Portland Zine Symposium



PZS Exhibitor: Eileen Chavez

Where do you live?

I currently live in the land of ports (Portland, OR) but I’m originally from and grew up in Oakland, California.
If this is your first time tabling at Portland Zine Symposium, what excites you most about Portland and its zine community?
This is actually my second time tabling at PZS – my first time tabling ever was last year at PZS. Last year’s experience was incredibly inspiring – I remember drooling at the wide range and selection of lovingly crafted zines by so many independent local and out of town creators and humbled by the incredible support I got in return. I love a lot about the community that surrounds zine culture and how it intentionally aims to open up a dialogue between things in my life that I am most passionate about including interactive art, musings on identity, radical theory and practice, community building, sharing of passions/interests/self-help all while focusing on self-publishing and increasing agency in that process. In particular, as a queer person of color I am drawn to other queer poc artists and writers as it is incredibly powerful and inspiring to find honest and open art by those whose voices have so often been silenced and pushed to the margins.
Share with us an image of you creating and/or your creative space. What is your zine-making process?
How do you keep inspired?
My friends are the foremost muses in my life. I am surrounded by some amazingly talented, magical creatures and they seriously blow my mind every day with the new projects that they are working on. I feel like artists are often seen as mysterious elusive geniuses and observing my friends all create in different ways has helped me realize that creating art is a process that you have to find your own way into – and that we can all tap into creative energy in different ways. When I feel stuck in a rut I usually listen to music that they have made or paw through their printed scribbles. I also really love to go to the local library and scavenge through the graphic novel/comix/zine collections with a special attention on queer/poc authors. I love that the selection there is large and diverse and that you can almost always find local gems and learn about a wide range of things-including the local zine community itself.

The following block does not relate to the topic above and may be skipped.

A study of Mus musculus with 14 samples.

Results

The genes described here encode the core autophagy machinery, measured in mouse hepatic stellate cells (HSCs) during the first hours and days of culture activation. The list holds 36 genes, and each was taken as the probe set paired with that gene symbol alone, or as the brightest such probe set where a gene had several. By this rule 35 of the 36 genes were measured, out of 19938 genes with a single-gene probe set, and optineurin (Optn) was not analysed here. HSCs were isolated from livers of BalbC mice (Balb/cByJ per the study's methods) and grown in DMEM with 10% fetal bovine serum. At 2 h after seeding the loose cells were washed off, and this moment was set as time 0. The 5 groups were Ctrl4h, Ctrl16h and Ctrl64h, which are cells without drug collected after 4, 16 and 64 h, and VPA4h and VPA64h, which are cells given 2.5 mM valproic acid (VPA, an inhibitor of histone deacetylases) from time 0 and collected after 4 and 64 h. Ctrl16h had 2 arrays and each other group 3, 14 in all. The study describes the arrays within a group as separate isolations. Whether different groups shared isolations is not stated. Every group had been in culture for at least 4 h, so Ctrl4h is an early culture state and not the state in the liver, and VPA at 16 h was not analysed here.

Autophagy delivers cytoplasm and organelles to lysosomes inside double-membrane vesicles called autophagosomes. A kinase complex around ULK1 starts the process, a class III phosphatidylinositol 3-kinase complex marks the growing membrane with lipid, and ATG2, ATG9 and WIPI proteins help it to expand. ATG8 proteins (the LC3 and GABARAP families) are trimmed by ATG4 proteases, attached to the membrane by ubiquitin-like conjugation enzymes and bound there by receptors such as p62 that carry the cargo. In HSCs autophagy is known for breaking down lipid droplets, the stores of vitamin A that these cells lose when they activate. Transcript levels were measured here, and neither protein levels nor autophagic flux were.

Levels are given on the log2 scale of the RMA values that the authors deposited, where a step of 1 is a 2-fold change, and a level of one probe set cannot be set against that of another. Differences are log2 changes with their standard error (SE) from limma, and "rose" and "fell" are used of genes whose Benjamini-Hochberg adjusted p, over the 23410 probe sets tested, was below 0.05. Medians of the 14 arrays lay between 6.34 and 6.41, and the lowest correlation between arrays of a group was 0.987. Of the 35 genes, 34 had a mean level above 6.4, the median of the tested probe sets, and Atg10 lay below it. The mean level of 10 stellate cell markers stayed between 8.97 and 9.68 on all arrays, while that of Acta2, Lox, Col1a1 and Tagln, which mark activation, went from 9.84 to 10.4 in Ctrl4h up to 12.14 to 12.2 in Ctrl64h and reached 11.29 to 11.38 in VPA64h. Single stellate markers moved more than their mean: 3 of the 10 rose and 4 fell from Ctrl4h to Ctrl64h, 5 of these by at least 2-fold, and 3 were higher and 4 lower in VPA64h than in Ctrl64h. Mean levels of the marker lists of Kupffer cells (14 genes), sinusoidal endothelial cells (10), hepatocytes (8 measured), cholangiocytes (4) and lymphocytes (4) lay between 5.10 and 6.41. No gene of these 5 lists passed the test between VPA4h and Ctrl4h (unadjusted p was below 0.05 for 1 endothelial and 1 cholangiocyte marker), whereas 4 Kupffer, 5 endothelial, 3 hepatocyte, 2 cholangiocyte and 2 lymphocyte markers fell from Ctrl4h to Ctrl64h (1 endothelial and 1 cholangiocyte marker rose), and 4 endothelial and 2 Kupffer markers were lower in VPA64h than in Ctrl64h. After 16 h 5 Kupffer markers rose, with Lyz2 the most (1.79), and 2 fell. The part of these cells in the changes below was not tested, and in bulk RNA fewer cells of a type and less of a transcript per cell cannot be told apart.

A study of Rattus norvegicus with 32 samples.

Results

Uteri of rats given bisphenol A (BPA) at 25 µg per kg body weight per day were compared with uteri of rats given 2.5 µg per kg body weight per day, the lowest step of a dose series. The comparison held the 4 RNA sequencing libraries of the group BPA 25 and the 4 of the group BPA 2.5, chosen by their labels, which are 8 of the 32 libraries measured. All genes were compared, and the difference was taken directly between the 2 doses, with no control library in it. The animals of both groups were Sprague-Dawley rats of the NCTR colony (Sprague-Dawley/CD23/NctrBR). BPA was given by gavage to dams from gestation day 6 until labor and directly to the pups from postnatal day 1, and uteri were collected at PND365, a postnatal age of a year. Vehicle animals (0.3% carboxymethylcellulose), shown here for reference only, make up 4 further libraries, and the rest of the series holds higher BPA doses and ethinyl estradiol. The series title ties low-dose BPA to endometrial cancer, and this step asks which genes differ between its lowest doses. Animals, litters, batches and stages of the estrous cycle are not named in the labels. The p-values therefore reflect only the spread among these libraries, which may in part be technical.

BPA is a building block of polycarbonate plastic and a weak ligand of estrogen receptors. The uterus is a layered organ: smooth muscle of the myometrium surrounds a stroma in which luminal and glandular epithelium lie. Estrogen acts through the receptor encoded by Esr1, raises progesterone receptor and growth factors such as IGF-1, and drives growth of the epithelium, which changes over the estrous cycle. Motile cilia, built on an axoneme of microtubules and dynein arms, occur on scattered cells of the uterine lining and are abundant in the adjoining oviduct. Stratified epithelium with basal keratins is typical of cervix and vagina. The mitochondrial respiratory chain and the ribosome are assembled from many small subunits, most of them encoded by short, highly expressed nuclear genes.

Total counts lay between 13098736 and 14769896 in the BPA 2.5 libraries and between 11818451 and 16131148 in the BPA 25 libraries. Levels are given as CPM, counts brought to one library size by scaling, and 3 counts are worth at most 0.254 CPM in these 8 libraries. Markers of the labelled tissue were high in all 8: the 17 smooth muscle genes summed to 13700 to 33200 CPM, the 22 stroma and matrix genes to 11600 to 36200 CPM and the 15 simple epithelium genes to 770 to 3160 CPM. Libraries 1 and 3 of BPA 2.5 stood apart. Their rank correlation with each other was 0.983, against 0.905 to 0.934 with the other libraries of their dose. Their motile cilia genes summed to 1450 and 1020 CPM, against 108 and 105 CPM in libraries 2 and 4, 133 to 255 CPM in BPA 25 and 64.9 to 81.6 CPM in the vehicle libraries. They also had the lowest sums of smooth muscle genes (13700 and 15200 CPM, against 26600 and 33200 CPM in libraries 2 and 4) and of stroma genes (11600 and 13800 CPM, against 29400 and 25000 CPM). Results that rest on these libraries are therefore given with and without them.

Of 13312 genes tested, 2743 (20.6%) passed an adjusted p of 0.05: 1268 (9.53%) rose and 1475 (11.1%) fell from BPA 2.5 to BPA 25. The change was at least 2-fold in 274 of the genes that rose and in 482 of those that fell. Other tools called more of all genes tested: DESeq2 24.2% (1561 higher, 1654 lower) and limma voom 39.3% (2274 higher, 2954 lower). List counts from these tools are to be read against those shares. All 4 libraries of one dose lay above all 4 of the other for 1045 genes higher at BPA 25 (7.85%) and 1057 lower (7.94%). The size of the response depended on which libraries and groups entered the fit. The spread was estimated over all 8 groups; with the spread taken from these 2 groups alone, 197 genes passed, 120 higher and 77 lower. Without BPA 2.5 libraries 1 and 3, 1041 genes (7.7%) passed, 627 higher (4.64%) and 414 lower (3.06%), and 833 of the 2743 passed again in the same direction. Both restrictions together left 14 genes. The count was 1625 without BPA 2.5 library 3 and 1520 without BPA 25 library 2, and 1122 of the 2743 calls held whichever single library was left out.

If you could give your 16th year old teen self a zine, which one would it be?
Oh man. It’s extremely hard to chose just one but maybe Yumi Sakugawa’s “There is no right way to meditate”. I discovered Yumi on tumblr a few years back and her art was incredibly influential and therapeutic. I think my younger self could definitely benefit from having a woc artist -who directly addresses mental health, to look up to. Also I think it would be powerful to give myself a guide on how to self-soothe at that age, as well as introduce myself to seeing art as a form of therapy. 

What are you working on for this year’s Portland Zine Symposium? Share with us some photos of your new work!